THE Department of Justice (DOJ) yesterday announced that United Nations Special Rapporteur on extrajudicial, summary or arbitrary executions Morris Tidball Binz is scheduled to arrive today (Monday) not in his role as special rapporteur, but an expert in the field of pathology to help capacitate Filipino doctors.
A statement by the DOJ explained that Tidball Binz will stay in the country until February 9 and is expected to meet with Justice Secretary Jesus Crispin C. Remulla, Foreign Affairs Secretary Enrique A. Manalo, Philippine National Police Chief Rodolfo S. Azurin Jr., Philippine Drug Enforcement Agency Director General Moro Virgilio M. Lazo and National Bureau of Investigation Director Medardo G. de Lemos.
He will also meet with members of the National Prosecution Service and of several civil society organizations.
Remulla said Tidball-Binz’s arrival in the country “will pave the way for forensic pathologists and enhance their practice to achieve international standard practices.”
In particular, the justice secretary said Tidball-Binz will help Filipino doctors to identify “the intricacies of wrongful death tragedies.”
“We need more capable doctors in our country to assist our law enforcement agencies in their works. This is an enormous step towards that goal,” Remulla said.
Tidball-Binz’s contributions to forensic science, human rights and humanitarian actions to have led to the awarding of two Honoris Causa Doctorates.
For the past 35 years, Tidball-Binz has travelled to over 70 countries to carry out capacity-building missions, fact-finding initiatives and technical evaluations.
He was the one who pioneered the application of forensic science to human rights investigation in forced disappearances cases in Argentina when the said country was under military rule in the 1980s.
He is also a co-founder of the Argentine Forensic Anthropology Team that developed scientific methods to apply to the investigation of human rights violations and abuses.
He served as Director of the International Committee of the Red Cross Forensic Unit from 2004 to 2017, where he then headed the forensic operation for the humanitarian operation Project Plan whose main program was the Missing Persons Project until 2020.
In 2021, Tidball-Binz was appointed as one of the UN special rapporteurs.
It is these experiences and knowledge, Remulla said, that prompted him to invite Tidball-Vinz when they met on November 2022 at the UN Human Rights Council meeting in Geneva, Switzerland where he headed the Philippine delegation.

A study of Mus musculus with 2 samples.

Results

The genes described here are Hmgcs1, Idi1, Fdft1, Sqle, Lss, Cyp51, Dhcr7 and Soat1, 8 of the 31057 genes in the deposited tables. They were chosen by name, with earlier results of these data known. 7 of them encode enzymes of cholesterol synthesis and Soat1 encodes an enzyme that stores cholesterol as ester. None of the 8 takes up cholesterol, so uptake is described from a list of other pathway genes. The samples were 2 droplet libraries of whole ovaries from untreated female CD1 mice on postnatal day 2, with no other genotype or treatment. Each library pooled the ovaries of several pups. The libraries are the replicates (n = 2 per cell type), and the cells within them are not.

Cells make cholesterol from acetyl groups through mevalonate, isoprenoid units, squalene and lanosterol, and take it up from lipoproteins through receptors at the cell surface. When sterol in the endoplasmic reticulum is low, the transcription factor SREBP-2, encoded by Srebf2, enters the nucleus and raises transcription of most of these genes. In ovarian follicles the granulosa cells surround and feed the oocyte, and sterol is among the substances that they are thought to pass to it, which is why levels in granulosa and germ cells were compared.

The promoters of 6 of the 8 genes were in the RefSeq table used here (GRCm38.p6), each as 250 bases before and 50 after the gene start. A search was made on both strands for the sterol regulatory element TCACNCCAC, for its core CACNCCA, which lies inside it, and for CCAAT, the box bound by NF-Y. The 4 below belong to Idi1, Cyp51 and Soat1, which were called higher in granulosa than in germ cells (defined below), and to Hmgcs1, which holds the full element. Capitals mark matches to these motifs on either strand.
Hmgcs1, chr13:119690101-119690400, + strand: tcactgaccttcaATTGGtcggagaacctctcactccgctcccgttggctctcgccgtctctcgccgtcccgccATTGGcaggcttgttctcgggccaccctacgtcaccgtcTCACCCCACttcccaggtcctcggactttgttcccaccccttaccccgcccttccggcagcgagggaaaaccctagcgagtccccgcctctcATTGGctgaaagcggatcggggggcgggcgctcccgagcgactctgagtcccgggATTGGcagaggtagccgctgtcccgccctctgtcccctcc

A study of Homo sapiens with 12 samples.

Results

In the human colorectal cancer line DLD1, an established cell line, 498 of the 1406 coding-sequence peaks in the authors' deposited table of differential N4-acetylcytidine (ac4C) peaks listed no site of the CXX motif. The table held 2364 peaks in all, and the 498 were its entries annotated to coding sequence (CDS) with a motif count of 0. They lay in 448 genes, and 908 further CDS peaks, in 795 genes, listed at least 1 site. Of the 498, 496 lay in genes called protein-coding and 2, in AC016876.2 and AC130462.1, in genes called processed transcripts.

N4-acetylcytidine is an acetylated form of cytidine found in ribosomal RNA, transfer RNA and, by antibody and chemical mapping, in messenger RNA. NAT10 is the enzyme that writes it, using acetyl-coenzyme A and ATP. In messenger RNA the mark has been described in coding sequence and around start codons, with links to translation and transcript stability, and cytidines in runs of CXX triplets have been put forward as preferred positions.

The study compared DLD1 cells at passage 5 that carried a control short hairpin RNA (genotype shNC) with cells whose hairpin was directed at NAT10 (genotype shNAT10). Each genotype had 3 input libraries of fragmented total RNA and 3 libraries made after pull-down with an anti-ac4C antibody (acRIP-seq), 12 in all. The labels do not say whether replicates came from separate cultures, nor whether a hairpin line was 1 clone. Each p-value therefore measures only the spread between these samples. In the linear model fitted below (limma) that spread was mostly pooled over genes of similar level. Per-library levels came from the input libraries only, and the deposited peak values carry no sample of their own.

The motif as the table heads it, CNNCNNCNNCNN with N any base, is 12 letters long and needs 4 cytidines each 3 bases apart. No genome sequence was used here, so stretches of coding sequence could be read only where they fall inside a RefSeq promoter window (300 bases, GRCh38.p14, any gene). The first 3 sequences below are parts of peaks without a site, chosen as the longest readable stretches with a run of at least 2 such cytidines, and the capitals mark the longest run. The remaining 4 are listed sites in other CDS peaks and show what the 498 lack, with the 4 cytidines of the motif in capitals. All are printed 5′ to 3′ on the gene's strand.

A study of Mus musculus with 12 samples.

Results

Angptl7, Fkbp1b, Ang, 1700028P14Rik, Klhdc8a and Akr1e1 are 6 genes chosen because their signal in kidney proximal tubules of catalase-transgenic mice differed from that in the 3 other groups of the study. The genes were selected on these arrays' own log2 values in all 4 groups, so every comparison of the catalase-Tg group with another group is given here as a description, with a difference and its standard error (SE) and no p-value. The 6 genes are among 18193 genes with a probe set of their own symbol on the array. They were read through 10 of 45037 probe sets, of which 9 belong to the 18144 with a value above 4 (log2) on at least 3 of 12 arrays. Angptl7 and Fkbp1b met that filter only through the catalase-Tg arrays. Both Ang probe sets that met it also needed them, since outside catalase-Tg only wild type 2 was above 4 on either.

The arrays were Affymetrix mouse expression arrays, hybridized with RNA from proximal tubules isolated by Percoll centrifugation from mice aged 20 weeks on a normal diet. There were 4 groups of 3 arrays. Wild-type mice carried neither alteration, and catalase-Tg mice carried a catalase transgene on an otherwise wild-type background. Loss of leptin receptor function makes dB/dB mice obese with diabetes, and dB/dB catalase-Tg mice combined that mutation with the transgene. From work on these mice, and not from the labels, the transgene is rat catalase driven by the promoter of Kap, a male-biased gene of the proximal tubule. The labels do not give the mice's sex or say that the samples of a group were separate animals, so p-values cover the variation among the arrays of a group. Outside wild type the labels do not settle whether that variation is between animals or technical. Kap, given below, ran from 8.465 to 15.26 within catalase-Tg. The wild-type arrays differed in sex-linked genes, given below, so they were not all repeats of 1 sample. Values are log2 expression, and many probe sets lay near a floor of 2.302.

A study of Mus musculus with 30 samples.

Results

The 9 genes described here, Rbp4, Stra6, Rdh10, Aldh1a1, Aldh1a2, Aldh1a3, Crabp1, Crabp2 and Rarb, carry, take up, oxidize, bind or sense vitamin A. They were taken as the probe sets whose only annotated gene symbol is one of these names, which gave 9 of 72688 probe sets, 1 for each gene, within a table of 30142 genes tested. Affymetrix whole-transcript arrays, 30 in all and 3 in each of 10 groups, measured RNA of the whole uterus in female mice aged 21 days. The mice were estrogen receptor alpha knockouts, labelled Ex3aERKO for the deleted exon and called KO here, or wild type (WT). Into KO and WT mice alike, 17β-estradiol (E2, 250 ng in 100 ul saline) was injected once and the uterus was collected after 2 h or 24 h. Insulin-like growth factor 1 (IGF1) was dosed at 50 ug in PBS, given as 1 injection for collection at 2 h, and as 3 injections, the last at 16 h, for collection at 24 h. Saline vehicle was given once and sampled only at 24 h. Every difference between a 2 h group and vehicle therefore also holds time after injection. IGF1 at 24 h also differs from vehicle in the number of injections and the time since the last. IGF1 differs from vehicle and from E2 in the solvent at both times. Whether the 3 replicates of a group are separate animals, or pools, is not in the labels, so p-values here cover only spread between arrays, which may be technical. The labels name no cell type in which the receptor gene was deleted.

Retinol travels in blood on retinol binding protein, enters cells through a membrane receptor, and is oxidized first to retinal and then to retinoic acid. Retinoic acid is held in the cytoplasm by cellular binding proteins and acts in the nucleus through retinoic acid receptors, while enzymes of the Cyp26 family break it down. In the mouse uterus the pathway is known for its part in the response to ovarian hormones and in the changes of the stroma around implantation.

The DOJ chief said he asked Tidball-Binz then to lend his expertise to help Philippine law enforcement authorities investigate cases of extrajudicial killings and enforced disappearances.
“I invited Dr. Tidball-Binz because his works speak for itself. His missions and projects have had an immeasurable impact on the countries he has helped. He has provided closure for families of extrajudicial killings and enforced disappearances. We are hoping for the same when he visits the Philippines,” Remulla added.
It can be recalled that last November, Special Rapporteur Mama Fatima Singhateh also visited the country to examine local efforts to protect children against sexual exploitation, child marriage and sale of children through illegal adoptions, among other concerns.
In November, special rapporteur Mama Fatima Singhateh also visited the country to examine local efforts to protect children against sexual exploitation, child marriage and sale of children through illegal adoptions, among other concerns.
Tidball-Binz’s visit came as forensic pathologist Dr. Raquel Barros dR. Fortun last Friday noted irregularities in the autopsy done by the police on the body of Kian delos Santos, the 17-year old killed by the police in 2017 in Caloocan City at the height of the drug war of the Duterte administration.
His visit also came a week after the International Criminal Court Pre-Trial Chamber announced the resumption of its investigation into the government’s anti-drug war campaign that led to thousands of deaths.
The DOJ has lambasted the move of the ICC, saying that it cannot compel the government to cooperate with its investigation since the country’s judicial system is functioning and “we are no longer a member-state of the ICC.”